There is a £6bn problem looming in the commercial property market. And the UK government should take a role in sorting it out.

The build-up of commercial rental debt since a moratorium on evictions in March last year is a can that has been repeatedly kicked and ignored. A blunt but necessary tool, the moratorium put the commercial property market on ice. Lockdowns and trading restrictions meant tenants couldn’t pay their rents; landlords couldn’t take any action.

The end of the moratorium on June 30 is an interesting moment. If we are indeed getting “back to normal”, the government doubtless would like to get back to minding its own business, rather than refereeing a multibillion-pound bust-up over private contracts.

The options in a consultation that ended on Tuesday leaned in that direction: stand back and let the market do its work. But that would be a mistake.

This doesn’t mean the government should stump up its own cash. What both sides agree on is that most landlords and tenants have already struck deals involving rent concessions, or are in the process of negotiating one. Both suggest there is a difficult 10 per cent (on the other side, of course) who are refusing to negotiate, as well as more that have yet to engage at all. A scheme that uses taxpayer money to bring people together risks rewarding the awkward and bloody-minded on both sides.

The suggestion last week from a group of landlords to decouple Covid-19 arrears from rent payments from July was a good one. Re-establishing some market norms could help deal with what Remit Consulting calls “Schrödinger’s tenants”: businesses that may or may not have survived the pandemic but remain in occupation.

Giving landlords some of their powers back should help establish where the new normal actually is. It could even bring some holdouts and chancers to the negotiating table. Rent collections remain at about 70 per cent of what is due after 21 days, according to Remit. That is dragged down by sectors such as leisure and retail. But collection rates in offices and industrial property are also below pre-pandemic levels.

The quid pro quo should be continuing protection for a sector such as hospitality until it can operate normally. Speed dictated a one-size-fits-all approach last year but the withdrawal of support can be more refined.

Even once indoor dining is permitted, hopefully later this month, table-service-only rules will keep takings to between 60 and 70 per cent of normal levels, according to UK Hospitality. The sector accounted for one in six jobs created after the 2008 recession. And what seems to be a “Roaring Twenties” recovery plan, based on savings and pent-up demand for fun, relies on a thriving hospitality scene — as does the government’s desire to lure people back to offices and resurrect city centres.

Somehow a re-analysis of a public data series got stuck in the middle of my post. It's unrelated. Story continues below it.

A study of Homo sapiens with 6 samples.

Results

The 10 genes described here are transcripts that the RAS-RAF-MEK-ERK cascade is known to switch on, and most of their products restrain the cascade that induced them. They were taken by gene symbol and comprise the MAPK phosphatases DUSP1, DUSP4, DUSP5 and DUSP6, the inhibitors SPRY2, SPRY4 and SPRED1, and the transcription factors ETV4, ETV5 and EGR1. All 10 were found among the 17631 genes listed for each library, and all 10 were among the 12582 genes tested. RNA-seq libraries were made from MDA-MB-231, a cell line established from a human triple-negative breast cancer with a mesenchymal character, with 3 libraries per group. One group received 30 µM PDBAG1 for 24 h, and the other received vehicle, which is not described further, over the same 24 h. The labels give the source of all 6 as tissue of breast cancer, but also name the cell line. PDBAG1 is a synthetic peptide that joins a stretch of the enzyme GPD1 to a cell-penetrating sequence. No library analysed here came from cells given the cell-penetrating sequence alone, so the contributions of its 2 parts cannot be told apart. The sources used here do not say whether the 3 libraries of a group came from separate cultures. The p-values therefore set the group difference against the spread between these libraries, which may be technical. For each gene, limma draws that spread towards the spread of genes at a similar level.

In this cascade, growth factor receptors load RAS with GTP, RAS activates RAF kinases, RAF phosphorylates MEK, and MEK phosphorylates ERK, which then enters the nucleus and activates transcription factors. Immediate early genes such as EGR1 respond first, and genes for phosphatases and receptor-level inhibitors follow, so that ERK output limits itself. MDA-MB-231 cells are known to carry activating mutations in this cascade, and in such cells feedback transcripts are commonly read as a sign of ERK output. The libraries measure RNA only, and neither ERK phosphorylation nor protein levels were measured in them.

Tackling rent arrears themselves will take a tougher line than the sunshine and rainbows of the current industry code of practice. Other countries have mandated sharing the burden of arrears, with a 50/50 split seeming a reasonable starting place. Landlords who have already written off debts have often negotiated terms in their favour, such as extending tenancies or removing lease breaks. For the tenants, turnover-linked rents or changes to payment schedules could be part of the discussion.

The challenge will be dealing with the unreasonable and the under-resourced, in two industries dominated by small operators. Clear government templates for what an equitable outcome looks like should help the latter. The backstop of mandatory arbitration will be needed to handle the former.

The removal of Covid-19 support will inevitably be painful, causing some business failures, evictions and litigation. And that is a necessary process. But the government has shelled out hundreds of billions to — in its own words — “support businesses and keep people in work”. Managing a careful withdrawal from these markets is part of that job.